The Public Lands Debate: Hunting As ‘True Democracy’

TRCP president says hunting best on public lands, foresees continued 'chipping away'

Feb. 16, 2017

By Mark Carter

Whit Fosburgh, president and CEO of the Theodore Roosevelt Conservation Partnership, believes hunting represents American ideals in their purest form.

“Hunting is something anybody can do regardless of socioeconomics, race or background,” he said. “It’s true democracy.”

In many European countries even today, he noted, hunting is limited to the “landed gentry” whose members have exclusive access to private lands where hunting is possible.

“Hunting is best when it takes place on public lands,” Fosburgh told America Hunt.

For many sportsmen, hunting’s place in the American consciousness is under fire as several Western states contemplate legislative action to try and force the federal government to transfer control of public lands.

And while states’ rights resonate with hunters and outdoorsmen who favor less government involvement in local affairs, many believe access to public lands transcends the issue.

Fosburgh acknowledged the “terrific job” of managing fish and wildlife by individual state agencies but said states simply couldn’t afford to take on actual public land management.

“It’s an appealing argument,” he said of states’ rights. “But the entire transfer argument is a false argument.”

RELATED: Opposition Mounting to Transfer of Public Lands

That’s because the federal government can run on a deficit, which gives it an advantage not available to most individual states. Meanwhile, 45 states have some sort of balanced budget stipulation built into their code or constitutions, according to the National Conference of State Legislatures.

That tether to balanced budgets, while noble in spirit, would shackle states charged with funding the management of formerly public lands.

“The cost of a forest fire alone would be prohibitive. States can’t fight fires,” Fosburgh said. “They’d have to raise taxes or sell off the lands, and we all know which they’d be more likely to do. It’s not a hypothetical that states would do it; states are already selling off state lands to offset budget shortfalls.”

The state of Idaho, for example, has sold 41 percent of its own lands since it joined the union in 1890, according to a report from the Wilderness Society, which last year analyzed data from the Idaho Department of Lands.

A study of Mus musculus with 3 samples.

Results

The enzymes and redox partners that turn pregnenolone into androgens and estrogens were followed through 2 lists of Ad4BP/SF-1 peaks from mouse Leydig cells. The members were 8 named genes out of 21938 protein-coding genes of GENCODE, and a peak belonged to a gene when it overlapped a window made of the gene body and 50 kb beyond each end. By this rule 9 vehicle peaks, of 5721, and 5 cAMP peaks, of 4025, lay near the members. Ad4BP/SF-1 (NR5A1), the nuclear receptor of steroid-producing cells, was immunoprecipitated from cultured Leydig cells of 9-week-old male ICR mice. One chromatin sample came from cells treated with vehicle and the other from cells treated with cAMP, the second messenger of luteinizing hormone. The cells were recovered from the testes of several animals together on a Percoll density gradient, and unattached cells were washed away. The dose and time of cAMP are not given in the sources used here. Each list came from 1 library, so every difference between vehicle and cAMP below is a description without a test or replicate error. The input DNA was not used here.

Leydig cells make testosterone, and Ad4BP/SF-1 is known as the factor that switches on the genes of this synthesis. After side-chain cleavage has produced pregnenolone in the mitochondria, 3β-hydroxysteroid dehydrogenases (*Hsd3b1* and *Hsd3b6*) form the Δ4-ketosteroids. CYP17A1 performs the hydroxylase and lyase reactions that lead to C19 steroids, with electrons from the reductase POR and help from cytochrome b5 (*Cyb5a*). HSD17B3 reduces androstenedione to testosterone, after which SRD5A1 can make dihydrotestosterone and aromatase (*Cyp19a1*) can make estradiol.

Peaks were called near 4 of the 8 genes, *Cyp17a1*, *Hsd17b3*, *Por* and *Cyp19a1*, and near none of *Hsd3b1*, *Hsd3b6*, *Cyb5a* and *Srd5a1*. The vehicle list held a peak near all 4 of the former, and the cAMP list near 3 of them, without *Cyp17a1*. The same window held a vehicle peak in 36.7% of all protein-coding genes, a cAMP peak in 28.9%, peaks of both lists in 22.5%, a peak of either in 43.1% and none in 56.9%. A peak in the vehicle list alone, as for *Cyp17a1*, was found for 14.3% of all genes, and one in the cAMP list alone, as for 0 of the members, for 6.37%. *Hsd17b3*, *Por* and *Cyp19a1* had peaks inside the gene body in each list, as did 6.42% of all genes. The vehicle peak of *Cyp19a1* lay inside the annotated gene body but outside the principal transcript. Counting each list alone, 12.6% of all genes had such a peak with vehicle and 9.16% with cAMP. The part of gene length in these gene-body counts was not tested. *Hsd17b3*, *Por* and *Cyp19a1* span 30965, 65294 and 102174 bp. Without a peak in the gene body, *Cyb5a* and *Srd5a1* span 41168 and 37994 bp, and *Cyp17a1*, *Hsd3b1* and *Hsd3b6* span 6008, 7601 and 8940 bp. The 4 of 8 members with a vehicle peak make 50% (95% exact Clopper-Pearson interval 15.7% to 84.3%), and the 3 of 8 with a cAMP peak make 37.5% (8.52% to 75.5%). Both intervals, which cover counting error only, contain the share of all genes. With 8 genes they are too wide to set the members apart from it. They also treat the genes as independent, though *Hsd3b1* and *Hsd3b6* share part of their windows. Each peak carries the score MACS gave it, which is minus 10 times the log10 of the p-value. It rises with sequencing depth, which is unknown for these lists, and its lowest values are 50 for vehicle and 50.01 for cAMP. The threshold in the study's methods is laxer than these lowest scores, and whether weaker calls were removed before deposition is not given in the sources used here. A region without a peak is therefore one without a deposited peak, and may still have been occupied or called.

In 2014, the Montana Department of Natural Resources estimated the cost of assuming responsibility for the state’s 25 million acres of federal land at roughly $500 million.

Fosburgh believes the debate over the transfer of public lands is diverting attention from what should be the focus.

“The real issue is how do we do a better job of managing public lands,” he said. That could include more funding devoted specifically to upkeep and maintenance, for one. Fosburgh said the backlog of maintenance required for public land infrastructure is in the billions of dollars.

While Fosburgh is optimistic for the future of public lands, which he believes are in better ecological health today than they've been in a while, he worries of “sliding back” on past progress.

The legislative "frontal assault" on public lands in recent years -- state governments contemplating and in some cases taking action to try and force a transfer -- may be losing momentum. Rep. Jason Chaffetz (R-Utah) recently agreed to withdraw his HR 621 in the U.S. House which would have called on the Interior department to sell of 3.3 million acres of "excess" public land.

Chaffetz, a hunter, voiced his support for public lands and the importance of access to them for hunters in his response to backlash generated by the bill.

But Fosburgh foresees more "chipping away around the edges" such as Chaffetz' HR 622. It would eliminate the law enforcement functions of the U.S. Forest Service and Bureau of Land Management and instead provide block grants to states for the enforcement of federal law on public lands.

Backcountry Hunters president and CEO Land Tawney recently told America Hunt that even if transfer legislation passes in the House, negotiating the Senate will be a more difficult task. "I've never seen collective groups of people come together like this on a single issue," he said.

Still, Fosburgh believes this community of public-land users, which includes most of the country's 13 million hunters, must remain engaged. "Our community holds the key to good management of public lands down the road."

The newly minted 115th Congress is just ramping up, and it does so in an unpredictable political environment. The public lands debate promises to stick around for a while. Stay tuned.